June 16, 1952__________
Fort Campbell KY
Dear Mom and Dad and All,
Its sure been hot here for the last week ever since I’ve been back. I’ve been going swimming everyday for a week. It’s too hot to work so we get the afternoons off.
We found out today we are going to Germany for sure. How’s Jr. getting along at McCoy? Have him ask Erwin where Cecil is stationed over there. Nothing new has been happening here lately. We got prisoner guard coming up the 21st that lasts a week. I suppose all us new Duces will catch it. 
We get a long weekend over the Fourth of July. I might send some firecrackers home. We can get all kinds of them. 
Has Dad found a car he wants yet? I think he should trade for a new Ford or Chev.  Has Jr. done anything to the truck yet? I mean the old Ford. What all was wrong with the hot rod?
This is all for this time
 "new Duces"? I can't find the origin of or reference for this term. Here is a scan of the original letter:
up 21st that last aweek. I suppose all usnew pals Duces willcatch it.We get a long weekend overthe fourth of July. I mightsend some firecrackers home.We can get all kinds of them.Has dad found a car hewants yet?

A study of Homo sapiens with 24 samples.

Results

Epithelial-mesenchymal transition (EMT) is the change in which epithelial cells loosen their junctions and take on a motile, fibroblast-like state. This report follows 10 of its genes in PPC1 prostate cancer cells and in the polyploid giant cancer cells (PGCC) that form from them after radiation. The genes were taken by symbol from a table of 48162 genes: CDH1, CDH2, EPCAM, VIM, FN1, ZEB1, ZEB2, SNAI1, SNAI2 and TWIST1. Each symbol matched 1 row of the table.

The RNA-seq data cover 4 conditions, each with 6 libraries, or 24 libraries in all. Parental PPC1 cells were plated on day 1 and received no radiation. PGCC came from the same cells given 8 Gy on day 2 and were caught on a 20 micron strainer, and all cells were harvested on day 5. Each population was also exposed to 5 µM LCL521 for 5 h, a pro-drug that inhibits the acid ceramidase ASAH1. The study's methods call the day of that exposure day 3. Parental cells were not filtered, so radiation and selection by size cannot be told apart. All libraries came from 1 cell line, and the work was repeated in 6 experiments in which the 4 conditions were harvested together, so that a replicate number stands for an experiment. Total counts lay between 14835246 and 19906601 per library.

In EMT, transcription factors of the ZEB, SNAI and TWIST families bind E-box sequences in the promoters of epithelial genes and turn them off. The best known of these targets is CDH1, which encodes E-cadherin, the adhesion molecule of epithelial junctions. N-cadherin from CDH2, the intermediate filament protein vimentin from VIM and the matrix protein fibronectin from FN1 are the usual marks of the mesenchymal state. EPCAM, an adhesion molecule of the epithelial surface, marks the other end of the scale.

If anybody can suggest a meaning I'd sure appreciate knowing it.
 My dad stopped at roadside fireworks stand in Tennessee on our epic Highway 41 roadtrip. I remember gawking at all the fireworks for sale: firecrackers, cherry bombs, bottle rockets. They sold them to pretty much anyone too. A couple years later I saw the same thing in South Dakota on a family vacation to the Black Hills.
Fireworks laws in Wisconsin are very restrictive. I wonder where this stricture came from exactly and it's interesting that it was already there in the early 1950's. I'm speculating that it dates from the "do-gooder" days of Progressive politics in Wisconsin where civic-minded people sought to protect people from themselves. Fireworks are dangerous. I almost blew a couple fingers off as a teen when a string of firecrackers I was holding went off in my hand. Yet still the lure of blowing things up with minature sticks of dynamite was too much to resist.
 "Chev." I wonder what General Motors management would think of that abbreviation. If I recall, my dad and his brothers never said "Chevrolet" and rarely "Chevy"; instead they said "Chev" and pronounced it "shiv". Back then there really only were domestic cars available. But like so many men of his generation, my dad never owned a foreign car make. I'm not sure he ever even drove one. He did own a couple GM cars, but he mostly stayed loyal to FoMoCo products, especially the Mustang. It's not like he loved American-made stuff per se--he was a fan of Wal-Mart too and the "cheapest available". But with cars it was a like a line in the sand. He had brothers who worked at GM and Chrysler, so maybe he never wanted to face their scorn and derision.